As we sat down to breakfast, Dharma asked me a question, "Tadpole, do you ever cry over anything or feel the need to ask for another's help? Do you easily share your feelings?" I was kind of surprised by his question. "No, Sir, " I responded, then clarified my response. " I rarely ask for help, Dharma, I prefer to do things on my own. Feelings? What feelings? And as for crying, I leave that to my little brother Quigley." Dharma shook his head. "Son, the frog who is vulnerable is perhaps the most beautiful." I have to admit, his statement sort of irritated me. I've always worked hard at being independent and took great pride in being able to take care of myself." "So you're telling me that being vulnerable is a good thing? I've always seen it as being weak. And that's especially true for us men...human or frog!" Dharma gave me a slight smile. "Being vulnerable means showing up and being seen as we are; the good, the bad, the beautiful, and the ugly. And that can be a terrifying thing when we care what others think of us. Like you, many frogs, and humans too, I suspect, associate vulnerability with weakness, fear, hurt, and betrayal. But let me very clear, vulnerability is not a weakness, Irwin, it can be a frog's greatest strength. Being vulnerable means showing up and having the courage to participate in life even when we know we'll have little control over the outcome."
I found this idea disturbing. I've spend my whole life trying to be seen as strong. Allowing others to rely on me but not the other way around. I'm not sure I buy into Dharma's belief 100% but I know that my wise teacher has never lead me astray before. "Okay, Dharma, if I wanted to become more vulnerable, how would I go about doing that?" "I'm glad you asked that, my boy. I know it took a little bit of courage on your part. Your association with vulnerability requires a shift in awareness in order to strengthen your emotional well-being." Although I was feeling really uncomfortable with all this vulnerability talk, I sat by quietly while Dharma elaborated on the best way to begin letting my guard down.
First, accept that you are worthy. Worthy of what, I wondered, but Dharma soon answered that without my having to ask. "In order to become okay with vulnerability, the first thing you need to do is accept the fact that you're worthy to get a positive response back. If you're opening up to someone else, believe that you're enough to warrant love and respect back. Give yourself the gift of imperfection."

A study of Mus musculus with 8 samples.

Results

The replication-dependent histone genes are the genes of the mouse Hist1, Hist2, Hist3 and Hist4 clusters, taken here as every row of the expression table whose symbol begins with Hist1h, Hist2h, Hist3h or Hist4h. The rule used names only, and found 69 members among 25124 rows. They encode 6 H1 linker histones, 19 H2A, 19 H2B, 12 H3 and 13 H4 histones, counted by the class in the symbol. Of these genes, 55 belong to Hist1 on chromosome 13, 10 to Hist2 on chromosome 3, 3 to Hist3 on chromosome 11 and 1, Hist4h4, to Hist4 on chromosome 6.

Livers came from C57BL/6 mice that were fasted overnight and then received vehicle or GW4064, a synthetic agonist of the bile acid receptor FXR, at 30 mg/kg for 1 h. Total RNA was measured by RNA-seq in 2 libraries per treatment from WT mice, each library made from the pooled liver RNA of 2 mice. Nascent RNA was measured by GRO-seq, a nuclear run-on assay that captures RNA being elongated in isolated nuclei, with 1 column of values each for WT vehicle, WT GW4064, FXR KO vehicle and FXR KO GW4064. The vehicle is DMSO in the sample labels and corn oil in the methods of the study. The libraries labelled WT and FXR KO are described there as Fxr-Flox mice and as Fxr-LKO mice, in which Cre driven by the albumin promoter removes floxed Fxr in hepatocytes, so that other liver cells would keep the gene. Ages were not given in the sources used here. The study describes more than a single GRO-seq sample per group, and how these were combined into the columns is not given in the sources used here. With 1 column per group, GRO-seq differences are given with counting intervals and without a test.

Next on his list was, "Fight your knee-jerk reaction to flee in the face of vulnerability. Learn what things that make you feel like running away then pull in the reins on your gut reactions and tell yourself you can be strong."
Third; "When you catch yourself resisting, stop yourself. When you feel yourself approaching a vulnerable moment, don't clench. Don't put up the wall and the pretenses that'll keep you hidden, but rather give yourself permission to experience the feelings that you'll have as a consequence of your vulnerability, good or bad."
His fourth point was this: "Trust that you can deal with the outcome, no matter what it is. It's a horrible feeling when you share a part of yourself and you get rejected or, worse yet, are met with indifference. But the thing is, that's all that the consequence is: A varying level of hurt. While that's not ideal, you know that you have the emotional strength to pull yourself back up by your socks and deal with it. You might have to lick a couple of wounds, but you're strong. You have enough in you to handle the worst."
Fifth up: (And I should interject here I was feeling very uncomfortable with all this. But I vowed I'd let myself keep listening.) "Share your hurt with others. If you open up about your feelings, failures, and thoughts to someone you trust, you not only get help on the soothing forefront, but you get another shot at practicing vulnerability." Okay, so this vulnerability stuff is NOT going to be easy!
Sixth: "By not being vulnerable, you're giving away the power to hurt you. When you open up yourself to be vulnerable, you make the conscious decision that what you're showing and offering other people is worthy. You believe that when you extend yourself, they'll accept and that you're worth that acceptance. So in reality, allowing yourself to become vulnerable makes you safe from harm because you already know on the inside that you're good enough. If things don't work out that's not a reflection on you but the circumstance or situation."
And finally, seventh: "Realize that you are already hurting yourself with inaction and that you can only go up from here. It might seem like you're protecting yourself by not letting yourself become vulnerable, but really you're only ensuring that you'll stay disappointed. And who wants that? But if you open yourself up and go through that vulnerable moment, you have a 50/50 chance towards happiness. And that's already infinitely better."
This was a hard and uncomfortable lesson for me. And I have to admit I was glad when it was over. But I do see value in learning to become more vulnerable. And I know that it'll take tadpole "hops" for me to being implementing Dharmas suggestions. Accepting and embracing our own vulnerability makes life whole. Even the smallest act of letting down your guard is a commitment to your personal growth. Allowing ourselves to be "human" even when we're frogs, really does make us beautiful. For beauty is in the eyes of the holder and that begins with seeing ourselves in a new way.
Please join me back here tomorrow for a fun (and shorter) blog to help you celebrate Weed Appreciation Day.